Early this month, President Uhuru Kenyatta made one of the most exciting announcements to many youths by allowing the return of graffiti in the matatu industry.
Banned by Transport Minister John Michuki in 2003, graffiti alongside loud music defined the matatu culture for many years, especially in the city.
Highly influenced by pop culture, the coolest matatus in the city were painted and decorated with famous local and international artistes as well as famous slogans.
As the ban began to take effect, some witty lines like “Hatujaeka picha” also found their way on emergency exits of matatus. They were jabs directed at the government for strangling graffiti artists talents’ and livelihood.
Prior to the infamous Michuki Law, public art or pimping and souping up (street names for decorating and customising with graffiti) of matatus took a whole new life as it was extended to huge plasma screens that played music videos, some explicit.
As the competition for the hottest matatu grew, plasma screens were increasingly plastered inside matatus where one would even boast up to six screens. And for the purposes of outdoing each other, some went to the extent of placing them on the emergency exit doors for pedestrians to marvel at.
But the government would soon tire of the theatrics. Michuki rules were fast introduced and enforced.
Seat belts and speed governors were installed, touts got a new dress code and graffiti was replaced by a yellow line and the route the matatu plies and, recently, the name of the Sacco it belongs to.
After fighting a losing battle, matatu operators finally towed the line and graffiti business grudgingly came to a halt.
“The rules Michuki introduced affected us. Many of us lost careers and others ventured into entirely different businesses. After it was banned, we had to do it clandestinely and the clients would pay us peanuts because they thought they were doing us a favour.
But the President has finally recognised our talent and everyone else is finally taking notice,” says Michael Kinuthia a professional graffiti artist since 2007.
Graffiti in the matatu culture was and still is associated with rowdy behaviour; something that greatly influenced the ban. Banning graffiti and loud music was one way of achieving uniformity across all public service vehicles. Although uniformity was achieved, a source of livelihood was also yanked away from the budding artistes. Young and talented Kenyans take this form of art as an inspiration of culture and an avenue to express themselves. Since their main platform was no longer legal, they had to think out of the box in order to cash in on their talent from different avenues.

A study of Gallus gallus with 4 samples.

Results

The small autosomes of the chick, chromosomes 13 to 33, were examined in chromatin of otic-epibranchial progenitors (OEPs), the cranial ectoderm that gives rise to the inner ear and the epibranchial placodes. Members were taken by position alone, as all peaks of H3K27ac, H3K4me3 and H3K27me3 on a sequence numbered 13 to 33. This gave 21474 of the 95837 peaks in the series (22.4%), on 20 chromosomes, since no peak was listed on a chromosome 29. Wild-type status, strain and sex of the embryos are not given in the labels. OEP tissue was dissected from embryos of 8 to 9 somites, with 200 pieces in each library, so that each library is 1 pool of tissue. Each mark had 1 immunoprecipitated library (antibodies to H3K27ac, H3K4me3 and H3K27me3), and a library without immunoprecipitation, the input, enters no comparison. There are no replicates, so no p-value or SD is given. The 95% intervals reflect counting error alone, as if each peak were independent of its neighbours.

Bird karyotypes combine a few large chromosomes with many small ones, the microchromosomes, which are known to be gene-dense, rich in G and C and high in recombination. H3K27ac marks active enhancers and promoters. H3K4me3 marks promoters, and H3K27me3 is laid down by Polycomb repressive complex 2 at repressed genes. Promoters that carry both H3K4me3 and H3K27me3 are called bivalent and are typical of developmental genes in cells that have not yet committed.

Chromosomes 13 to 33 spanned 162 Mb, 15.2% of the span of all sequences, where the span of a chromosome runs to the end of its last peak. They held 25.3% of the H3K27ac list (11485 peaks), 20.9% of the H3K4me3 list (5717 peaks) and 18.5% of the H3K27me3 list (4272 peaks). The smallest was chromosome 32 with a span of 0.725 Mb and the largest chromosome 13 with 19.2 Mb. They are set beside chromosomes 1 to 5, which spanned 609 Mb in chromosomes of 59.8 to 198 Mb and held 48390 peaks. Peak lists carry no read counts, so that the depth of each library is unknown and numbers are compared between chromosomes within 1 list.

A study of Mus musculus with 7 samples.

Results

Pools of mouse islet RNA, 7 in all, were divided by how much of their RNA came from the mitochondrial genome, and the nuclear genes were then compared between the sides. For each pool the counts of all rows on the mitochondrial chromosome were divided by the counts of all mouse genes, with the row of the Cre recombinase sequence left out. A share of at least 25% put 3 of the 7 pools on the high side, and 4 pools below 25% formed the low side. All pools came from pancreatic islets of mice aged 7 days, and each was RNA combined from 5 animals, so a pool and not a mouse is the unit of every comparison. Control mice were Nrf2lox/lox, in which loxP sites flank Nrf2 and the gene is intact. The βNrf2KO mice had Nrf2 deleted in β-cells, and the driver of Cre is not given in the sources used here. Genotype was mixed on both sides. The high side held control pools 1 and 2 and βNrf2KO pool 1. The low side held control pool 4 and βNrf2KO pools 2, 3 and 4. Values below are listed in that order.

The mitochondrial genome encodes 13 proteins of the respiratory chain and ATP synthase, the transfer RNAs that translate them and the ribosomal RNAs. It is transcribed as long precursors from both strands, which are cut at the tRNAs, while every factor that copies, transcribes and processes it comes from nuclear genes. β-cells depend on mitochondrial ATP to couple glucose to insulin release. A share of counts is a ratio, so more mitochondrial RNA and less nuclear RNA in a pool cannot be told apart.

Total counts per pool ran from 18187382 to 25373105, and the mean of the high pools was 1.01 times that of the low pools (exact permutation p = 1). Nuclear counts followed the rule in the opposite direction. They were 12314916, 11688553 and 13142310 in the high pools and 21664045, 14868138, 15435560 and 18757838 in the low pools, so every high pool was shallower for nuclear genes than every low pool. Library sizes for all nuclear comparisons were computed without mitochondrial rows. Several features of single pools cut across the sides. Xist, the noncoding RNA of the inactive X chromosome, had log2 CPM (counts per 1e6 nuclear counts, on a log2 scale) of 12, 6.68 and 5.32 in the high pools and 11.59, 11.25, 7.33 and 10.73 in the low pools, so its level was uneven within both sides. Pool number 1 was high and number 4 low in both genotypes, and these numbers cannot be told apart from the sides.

Now that graffiti and art work on PSVs have been given the green light, designers and graffiti artists are itching to further explore and work on ideas that they have been building up on. Although they are no longer limited creatively as they were before, the government will still implement rules to ensure that there is sanity on the roads in regards to graffiti. National Transport and Safety Authority (NTSA) chairman Lee Kinyanjui said the authority was formulating policy guidelines to implement the President’s directive without reversing the gains that have been achieved in bringing sanity to the matatu sector.
“As much as we might allow free expression, there must be rules to avoid instances where, in exercising this right of artwork on our PSVs, some might be tempted to have nudity and messages associated with extremism,” he said.
However, Michael counters that they are always eager to please the clients, hence they work on whatever the client wants drawn as long as they get paid.
Now that it is legal, designers and artistes’ phones are ringing off the hook and that means that the cost will go up. On a good day, customising a matatu, popularly known as “nganya” will set one back between Sh120,000 and Sh150,000.
And for Sh350,000, the vehicle can be customised to include classy car seats and a mean music system. Martin Wahome, a graffiti artist based in Buruburu says a well customised matatu will obviously attract more customers than a plain one.
“This is business that will cost you a pretty penny. It’s just like anyone would “soup up” a barber shop, salon or a boutique to attract clients. We have to constantly come up with unique ideas and get our names out there and people talking about our designs,” says Wahome.
Besides the money that come with it, the youth have once again found a loud and legal voice in which to express themselves.